Japan’s sailors racing at their first ever home World Cup Series event will not only have to deal with the weight of expectation from their nation, but also the pressure of selection trials for the 2018 Japanese Sailing Team.
Out of the 251 sailors from 38 countries registered to race in Gamagori, the Japanese team have the largest contingent with 51 competitors racing in 34 boats.
Awareness of sailing in Japan has increased following the Olympic focus from Rio 2016 shifting to Tokyo 2020. Post Rio 2016 the team welcomed talented sailors and it now features many aspirants and experienced Olympians.
However, only one sailor per nation can go to the Olympic Games and the Japanese team will be using the World Cup Series event on their home waters to reduce their numbers to the leading competitors who will race on the Series and major events in the future before selection for 2020.
Aiko Saito, Japanese Sailing team leader and 1988 and 1996 Olympian, commented, “This is the start of a new page for us. In the beginning, we spoke about dreams but this is the real start for sailing in Japan.
“We’re starting to make the team smaller and smaller. Straight after Rio we had a wide-open team and now we’re starting to narrow and compress.
“We’ll use this regatta, Enoshima Olympic Week and the RS:X Worlds in Enoshima to decide our team.
“If sailors make the top ten in October’s World Sailing Rankings, then they will be in the team. If any team beats them in the selection regattas, they’ll also join the squad. If there are empty places, we’ll select hopefuls, looking ahead of 2024.”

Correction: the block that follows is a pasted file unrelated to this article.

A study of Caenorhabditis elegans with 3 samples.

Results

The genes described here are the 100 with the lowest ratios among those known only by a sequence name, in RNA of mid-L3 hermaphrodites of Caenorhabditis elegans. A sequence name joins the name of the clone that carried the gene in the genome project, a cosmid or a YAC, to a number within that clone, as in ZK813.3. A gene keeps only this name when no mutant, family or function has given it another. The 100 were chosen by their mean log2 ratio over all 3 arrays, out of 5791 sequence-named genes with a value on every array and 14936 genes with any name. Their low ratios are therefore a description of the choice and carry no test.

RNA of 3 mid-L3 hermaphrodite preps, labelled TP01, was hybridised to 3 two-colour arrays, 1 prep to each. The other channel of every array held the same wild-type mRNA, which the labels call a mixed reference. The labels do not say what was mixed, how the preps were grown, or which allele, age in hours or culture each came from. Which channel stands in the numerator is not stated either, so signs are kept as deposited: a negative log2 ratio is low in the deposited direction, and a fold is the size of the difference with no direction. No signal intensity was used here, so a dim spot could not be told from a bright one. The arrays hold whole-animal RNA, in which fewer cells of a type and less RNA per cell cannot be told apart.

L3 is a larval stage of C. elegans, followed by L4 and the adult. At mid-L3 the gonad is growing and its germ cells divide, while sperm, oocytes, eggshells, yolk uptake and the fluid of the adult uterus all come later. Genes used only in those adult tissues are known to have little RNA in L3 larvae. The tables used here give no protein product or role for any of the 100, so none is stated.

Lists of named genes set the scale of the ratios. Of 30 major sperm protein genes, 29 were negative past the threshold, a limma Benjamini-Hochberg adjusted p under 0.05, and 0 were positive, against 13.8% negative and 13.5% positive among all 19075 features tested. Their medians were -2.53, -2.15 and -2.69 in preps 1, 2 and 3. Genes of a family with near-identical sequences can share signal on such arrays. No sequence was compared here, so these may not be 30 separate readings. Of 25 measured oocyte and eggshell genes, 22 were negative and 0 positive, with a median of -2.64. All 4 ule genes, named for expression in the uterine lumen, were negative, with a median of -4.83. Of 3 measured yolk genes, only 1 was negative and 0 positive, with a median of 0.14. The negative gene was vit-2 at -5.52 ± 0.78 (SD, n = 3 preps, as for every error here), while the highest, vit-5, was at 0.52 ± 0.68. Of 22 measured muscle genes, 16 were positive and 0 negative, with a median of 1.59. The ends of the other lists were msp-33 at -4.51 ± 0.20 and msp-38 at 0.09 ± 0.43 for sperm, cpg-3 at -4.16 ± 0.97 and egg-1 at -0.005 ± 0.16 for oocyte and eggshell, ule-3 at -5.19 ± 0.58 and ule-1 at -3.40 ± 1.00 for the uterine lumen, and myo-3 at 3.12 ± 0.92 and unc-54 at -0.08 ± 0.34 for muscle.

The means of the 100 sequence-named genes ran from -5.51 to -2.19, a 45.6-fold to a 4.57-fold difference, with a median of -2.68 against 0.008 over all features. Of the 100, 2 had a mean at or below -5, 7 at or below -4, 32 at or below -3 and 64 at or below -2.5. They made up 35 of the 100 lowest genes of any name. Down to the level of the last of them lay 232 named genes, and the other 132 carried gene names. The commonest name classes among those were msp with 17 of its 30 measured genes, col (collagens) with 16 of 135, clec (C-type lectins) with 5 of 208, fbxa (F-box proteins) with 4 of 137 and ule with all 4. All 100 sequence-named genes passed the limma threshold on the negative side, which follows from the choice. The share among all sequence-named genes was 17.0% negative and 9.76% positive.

The Japanese sailing squad has a beautiful blend of experienced Olympians and those aiming to reach the pinnacle of the sport for the first time.
The Men’s 470 fleet will be the main Japanese hope for a medal at Tokyo 2020 with strength and depth in numbers in their eight-boat squad. Tetsuya Isozaki and Akira Takayanagi represent their best hope at the moment following their silver medal win at the Miami World Cup Series event but Saito knows reducing the numbers will prove challenging.
“The most difficult selection is the 470 Men,” she expressed. “We have very good young sailors but we have to squash the team and the top guys have to do a lot of work to stay there.”
In her role, Saito is responsible for the whole of the Japanese team including the athletes, coaches and support staff.
Kenji Nakamura, a four-time Olympian and World Championship medallist leads the coaching, and in Gamagori, Nakamura’s coaching unit of 23 will support the sailors. As well as Japanese coaches, the set up includes Great Britain’s three-time Olympic medallist Nick Dempsey, Australia’s Arthur Brett and Poland’s Marcin Czajkowski.
Dempsey is leading the coaching of five Men’s RS:X sailor and has been tasked with bringing a young team up to the level of three-time Olympian Makoto Tomizawa. Brett is taking charge of the Laser Radial sailors and Czajkowski will oversee the 49erFX racers.
In terms of local, Gamagori, favourites. Hopes will be pinned on Takuya Fukumura in the Men’s RS:X and the 49erFX crews of Chika Hatae and Hiroka Itakura as well as Sayoko Harrada and Seira Nagamatsu.
Racing at the 2017 World Cup Series Gamagori will commence on Tuesday 17 October at 11:00 local time.